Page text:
Scheduled ‘fits’ can help on and off the football field

This column was originally published as part of my “Looking Homeward” series at

Standing on the football field watching the university team stretch and warm up, my father saw the players do something he’d never seen before.

At a given signal, they started jumping, hollering and flinging themselves around on the ground. The exercise had no uniformity, symmetry or unity to it. Every guy did his own thing. Some looked joyful. Some looked angry. Some looked relieved to finally erupt.

When the assistant coach’s whistle sounded and the unorthodox activity stopped, a more traditional workout program followed.

“What in the world was that all about?” my father asked the head coach.

“That’s a 20-second fit,” the coach replied, laughing, and told his assistant to do it again for my father’s benefit. The players seemed delighted for another “20-second fit” explosion.

A 20-second fit — what a concept. And what a dramatic method to relieve tension.

I wonder what would happen in tension-filled offices if coffee breaks were replaced with a daily e-mail from the company CEO announcing, “It’s time for a 20-second fit!”

Perhaps we’d see secretaries pounding computer keyboards with their feet, clerks slamming file cabinets and senior executives launching their cell phones into makeshift trash can basketball hoops. And maybe the CEO himself (herself) would bang those walnut-paneled walls, jarring pictures crooked and sending tremors throughout the corporate structure.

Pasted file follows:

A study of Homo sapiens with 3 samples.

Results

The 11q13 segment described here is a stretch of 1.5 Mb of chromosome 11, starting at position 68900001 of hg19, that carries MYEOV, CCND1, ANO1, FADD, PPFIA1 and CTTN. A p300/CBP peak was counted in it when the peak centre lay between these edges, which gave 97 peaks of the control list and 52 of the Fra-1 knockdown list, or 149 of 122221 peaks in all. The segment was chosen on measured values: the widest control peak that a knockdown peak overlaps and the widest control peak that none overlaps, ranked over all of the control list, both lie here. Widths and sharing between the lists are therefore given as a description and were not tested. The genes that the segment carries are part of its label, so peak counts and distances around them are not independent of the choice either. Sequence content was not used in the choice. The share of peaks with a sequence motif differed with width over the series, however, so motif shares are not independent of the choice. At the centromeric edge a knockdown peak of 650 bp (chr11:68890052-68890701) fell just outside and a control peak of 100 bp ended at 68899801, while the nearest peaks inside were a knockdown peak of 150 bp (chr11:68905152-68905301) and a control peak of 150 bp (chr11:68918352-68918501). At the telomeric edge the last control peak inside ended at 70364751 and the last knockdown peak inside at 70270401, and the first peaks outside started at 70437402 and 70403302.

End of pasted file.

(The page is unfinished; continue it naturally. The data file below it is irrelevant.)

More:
Meanwhile, back at home, families would pause throughout the day for their 20-second fits. Parents would jump up and down on unmade beds while their children ran circles around the house, waving their arms and yelling.

The point is simply this: when tension builds, we do pitch fits — one way or another. And such fits are often destructive. People get hurt. Innocent bystanders are injured.

But what if we had these “organized fits?” That might be the answer. Then everyone would know what was happening. In our unorganized and unscheduled fits, we leave people guessing, unsure if our behaviors are provoked or just circumstantial. But if others know what we are doing, they can not only understand what’s happening, but also join us.

What would we address in our 20-second fits? What tensions would we relieve? The injustices we’ve endured? Our regrets? Our sorrows? Our frustrations? Maybe we have stressed ourselves, for unkind words spoken, never to be taken back. Or that criticism that would have best been left unsaid. Or a delayed conversation that is now too late to deliver.

Although my father’s sideline experience was almost 30 years ago, that coaching wisdom holds true today. Back on the gridiron, perhaps a few 20-second fits could help refocus the Super Bowl contenders, allowing them to tantrum-out all their nerve-racking thoughts — the fumbles, interceptions, missed tackles — to make room in their mental preparation for intensity necessary for the game ahead.

On and off the field, we can jump, holler, fling and fall until our energy expenditure wrings out that spirit-dampening stress. And when we purposefully discard that worrisome unfinished business, clear thinking and focused pursuits can prevail.

Have you had your 20-second fit today?